RIP the lightbulb. All for your own good.

5 November 2012

lightbulbDid you know the traditional lightbulb is dead? As of 1 September, the EU banned manufacture and import of ordinary incandescent bulbs for domestic use for ALL bulbs (previously it was only high-wattage ones that were persona non grata). Of course, this is all in the name of energy and money saving, but are the EU actually doing us any good?

No-one (go on- prove me wrong in the comments) is arguing that the newer style bulbs are more energy-efficient, but given that DECC estimates suggest only 26% of lighting is domestic (as opposed to commercial or street lighting), is coercing poor little householders into buying new bulbs really the best way to go?

And what about saving money? The popular compact fluorescent bulbs use about 80% less energy, but given the average person’s bill for lighting is around £77, surely it would cost more to replace all incandescent bulbs with energy-savers anyway?

At first, this is true, and the energy savings in the first year are likely to be lower than the additional cost of replacing the bulbs, even despite the fact that the energy-saving bulbs have come down in price over the past few years. But the real advantage is that you can then forget about your lightbulbs for years, as the energy-saving ones last between 8 and 15 times as long.

There are also new LED energy saving bulbs on the market. More expensive than the fluorescent ones, they are even more energy efficient and long-lasting. While replacing one bulb might save you £4 a year in energy costs, over its lifetime, the saving would be a massive £70. This means you could actually die before you need to replace the bulb.

And some reports suggest that domestic lighting use is way behind commercial and governmental use. Many commercial businesses, with much larger lighting bills, have already switched and are now reaping the financial rewards, and even some councils are replacing their standard street lighting with fancy new LED lights.

So is this EU meddling, or, like a beneficient parent, are the Eurocrats just trying to help us for our own good? Are you rushing out to buy up all remaining stock of traditional bulbs at your local lightbulb retailer? With Christmas rushing worryingly near, does this mean the death of the fairy light?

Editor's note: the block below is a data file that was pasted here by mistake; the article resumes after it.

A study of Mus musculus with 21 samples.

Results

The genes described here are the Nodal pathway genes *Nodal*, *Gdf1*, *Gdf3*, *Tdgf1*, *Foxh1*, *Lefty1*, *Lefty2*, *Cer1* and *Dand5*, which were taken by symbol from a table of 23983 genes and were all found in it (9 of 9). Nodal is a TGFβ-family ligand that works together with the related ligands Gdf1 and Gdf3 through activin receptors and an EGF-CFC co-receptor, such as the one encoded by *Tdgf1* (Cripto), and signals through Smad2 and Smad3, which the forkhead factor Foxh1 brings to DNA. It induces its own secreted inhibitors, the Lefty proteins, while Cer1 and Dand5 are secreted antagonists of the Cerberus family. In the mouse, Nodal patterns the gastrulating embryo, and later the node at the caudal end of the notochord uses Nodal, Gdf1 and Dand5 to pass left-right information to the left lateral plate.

• whatsit t.
    26% is still a pretty large amount, just because the other 74% is either businesses and the gov doesn't mean it should be scoffed at. I'm sure they all have their targets too and being regulated in one way or another, I'm sure they're being forced to change certain ways. But as individual members of society, we can't be regulated so the only way to force it is to stop the sale of the OAP Bulb.
  • Boring B.
    Energy saving light bulbs are crap. The money you may save in using them is not worth it. You may as well just not have any lighting in your house if you want to be green. Actually, why don't you just throw yourself into the sea without telling anybody and drown - that must be the greenest/cheapest existence? LED bulbs are worse. Too much flicker!
  • Stevie
    Of course you can still buy 'rough service' bulbs which do exactly the same job as the old bulbs!
  • Jack T.
    "But the real advantage is that you can then forget about your lightbulbs for years, as the energy-saving ones last between 8 and 15 times as long." Complete bollocks. The domestic bulbs don't last anywhere near these times. They hardly last as long as the old style. Add the pollution caused by the content of the "eco" bulb and this is an environmental own goal caused by dumb EU bureaucraps.
  • steve
    Oh come on, they were selling eco bulbs at 1p each for years. Anyone who didn't fill their boots can hardly complain about the cost of them.
  • ElBuc
    Energy saving bulbs just have a really horrible light colour. They are also nowhere near the equivalent tungsten wattage.
  • jt
    "No-one [...] is arguing that the newer style bulbs are more energy-efficient". Surely you mean "aren't"?
  • Vernon M.
    As an electrician I'd just like to say that I think they got the whole thing wrong & the manufacturers must be laughing all the way to the banks. I've put up loads of eco lights in different places & find that no one can read a newspaper in their own living room anymore. So they started using halogen lamps which are brighter but do not give a soft light, they blitz out the room in blinding white light. And then there's all the different fittments of small es (screw) mini es. And none of the estimated wattage comparisons are anywhere near correct. so don't worry if you break your leg in the dark cause you helped (not) save the planet. One of the funniest things is the disposal of fluorescent tubes which everybody used to break up & throw in the dustbin. Local councils & government offices now have hundreds of rooms full of thousands of old flouri tubes because it costs them 10pence each to dispose of them!
  • JonB
    "With Christmas rushing worryingly near, does this mean the death of the fairy light?" No, because LED fairy lights have been around for years.